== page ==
Distribution of the Sample Variance


Distribution of the sample variance

Consider for the moment the random variable It is the sum of squares of independent standard normals, and hence has a chi-square distribution with degrees of freedom, i.e.,  Now consider and note the similarity.  By now using  as an estimator of  it can be shown that we have a sum of squares of independent standard normals in which case is chi-square with degrees of freedom.  The distribution of is a simple rescaling of . Thus we may make probability statements about . Using the properties of the chi-square distribution,  the expected value and variance of are:

Probability Statements about :

For known variance and a normally distributed population one can calculate the probability that the sample variance will take on values in a central interval with pre-specified probability Furthermore, if we want to put equal probability mass in the tails, i.e., we impose: With  degrees of freedom, the interval boundaries can be obtained from tables of the chi-square distribution Thus, Rearranging yields the probability statement:

Example for the distribution of the sample variance

To measure the variation in time needed for a certain task, the variance is often utilized. Let the time a worker needs to complete a certain task be the random variable . Suppose is normally distributed with and . A random sample of size is drawn with replacement.  The random variables () are therefore independent and identically normally distributed.

problem 1:

A random sample of size is drawn.What is the probability that the sample variance will take on values in the interval ? That is, the probability to be calculated is . To solve the problem, each side is multiplied by : Since  it follows that: The probability that will take on values between and is identical to the probability that the transformed random variable will take values between 7 and 21. The random variable is chi-square degrees of freedom.  The probability can be found by using a table of the chi-square distribution. The probability that will lie in the interval and is equal to 0.8331. The following graph shows the density function of the chi-square distribution with 14 degrees of freedom, where the symbol is a shorthand for .

problem 2:

The goal is to determine a central interval of variation for the sample variance with pre-specified probability  We assume the same population as in problem 1 and use a random sample of size Since and we again put equal probability mass in the tails: Using tables for the chi-square distribution with degrees of freedom we obtain and . Thus, With probability 0.95, the transformed random variable takes values in the interval . Rearranging gives the interval: With probability 0.95 will the sample variance takes values in the interval . The exact numerical boundaries of the interval can be determined only if the population variance of the variable is known.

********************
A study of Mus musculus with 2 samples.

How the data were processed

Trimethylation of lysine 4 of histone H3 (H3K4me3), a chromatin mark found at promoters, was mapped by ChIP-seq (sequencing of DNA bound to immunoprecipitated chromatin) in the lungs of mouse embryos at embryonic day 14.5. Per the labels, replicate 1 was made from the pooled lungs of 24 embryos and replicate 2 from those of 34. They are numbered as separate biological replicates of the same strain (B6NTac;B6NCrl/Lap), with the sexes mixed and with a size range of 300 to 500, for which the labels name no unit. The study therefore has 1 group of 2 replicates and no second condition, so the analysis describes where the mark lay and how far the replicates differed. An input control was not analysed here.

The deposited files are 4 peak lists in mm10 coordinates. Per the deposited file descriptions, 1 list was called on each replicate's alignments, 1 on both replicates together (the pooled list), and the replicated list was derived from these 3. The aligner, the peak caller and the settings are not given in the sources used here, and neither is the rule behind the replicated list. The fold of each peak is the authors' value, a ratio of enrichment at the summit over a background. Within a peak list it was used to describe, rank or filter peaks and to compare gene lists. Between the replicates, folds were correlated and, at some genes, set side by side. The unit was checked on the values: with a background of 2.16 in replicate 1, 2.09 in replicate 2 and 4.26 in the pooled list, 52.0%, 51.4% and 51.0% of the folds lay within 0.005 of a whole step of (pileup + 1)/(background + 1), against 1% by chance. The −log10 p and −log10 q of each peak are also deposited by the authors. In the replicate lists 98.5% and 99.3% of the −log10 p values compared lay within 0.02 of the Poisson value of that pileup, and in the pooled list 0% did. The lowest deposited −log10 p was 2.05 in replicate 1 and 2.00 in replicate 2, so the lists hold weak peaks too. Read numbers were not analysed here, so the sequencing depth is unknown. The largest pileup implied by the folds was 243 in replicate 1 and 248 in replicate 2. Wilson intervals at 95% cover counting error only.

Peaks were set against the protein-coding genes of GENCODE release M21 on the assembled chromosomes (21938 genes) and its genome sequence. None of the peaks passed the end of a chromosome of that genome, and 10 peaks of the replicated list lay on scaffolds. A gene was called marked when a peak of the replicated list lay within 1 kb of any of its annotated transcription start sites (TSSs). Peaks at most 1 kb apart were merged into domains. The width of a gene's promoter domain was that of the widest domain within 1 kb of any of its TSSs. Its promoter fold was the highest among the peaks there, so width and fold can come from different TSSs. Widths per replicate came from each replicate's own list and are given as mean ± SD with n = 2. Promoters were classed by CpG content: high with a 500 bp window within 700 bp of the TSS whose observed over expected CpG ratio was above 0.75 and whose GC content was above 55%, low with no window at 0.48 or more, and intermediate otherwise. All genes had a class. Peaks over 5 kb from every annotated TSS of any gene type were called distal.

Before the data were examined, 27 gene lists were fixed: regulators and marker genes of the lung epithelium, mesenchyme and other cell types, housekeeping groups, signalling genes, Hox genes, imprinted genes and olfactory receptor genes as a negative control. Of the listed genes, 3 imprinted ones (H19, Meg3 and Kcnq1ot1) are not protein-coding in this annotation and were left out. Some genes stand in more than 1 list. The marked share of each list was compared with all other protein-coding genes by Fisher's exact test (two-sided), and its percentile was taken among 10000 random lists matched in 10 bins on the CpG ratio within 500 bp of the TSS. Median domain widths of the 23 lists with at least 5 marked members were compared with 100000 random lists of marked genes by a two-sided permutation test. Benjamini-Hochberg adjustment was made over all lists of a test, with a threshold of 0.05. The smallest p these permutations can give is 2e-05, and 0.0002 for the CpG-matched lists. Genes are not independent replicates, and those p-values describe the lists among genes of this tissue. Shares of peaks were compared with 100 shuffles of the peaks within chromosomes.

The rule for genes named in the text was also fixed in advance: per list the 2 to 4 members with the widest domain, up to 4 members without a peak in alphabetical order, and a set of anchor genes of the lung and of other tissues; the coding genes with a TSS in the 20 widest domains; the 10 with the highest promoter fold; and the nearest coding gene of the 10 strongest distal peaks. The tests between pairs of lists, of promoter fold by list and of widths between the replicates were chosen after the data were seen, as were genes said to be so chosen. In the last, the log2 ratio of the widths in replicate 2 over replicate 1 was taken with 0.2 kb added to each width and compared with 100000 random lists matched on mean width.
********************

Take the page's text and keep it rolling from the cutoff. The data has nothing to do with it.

More information

is known

Consider the simplifying assumption that is known and let us modify as follows: Note that the above argument does not assume a distribution for the It is only assumed that they are i.i.d. with common variance .  In this case we assume that the  are i.i.d.     Recall that the variance of a chi-square random variable with degrees of freedom has mean and variance .  Since has a chi-square distribution with degrees of freedom, it follows that: and therefore Note also that we can derive the mean of using: and therefore

is unknown

Since is typically unknown, the usual estimator of the variance given by Recall that  the variance of a random variable can be written as: This implies that Applying this result we have to the  and to we have: Furthermore Therefore, the expectation of the sample variance is given by Once again, this argument does not require the assumption of normality, only that the are i.i.d. with common variance .

In this case we assume that the  are i.i.d.    Since has a chi-square distribution with degrees of freedom, it follows that and therefore

(3) is unknown

In this case we use the to estimate the variance: Note that Hence and Note that the expectation of the is not exactly equal to the population variance which is the reason that the sample variance is usually used in practical applications.  Nevertheless, even for moderately sized samples, the two estimates will be similar.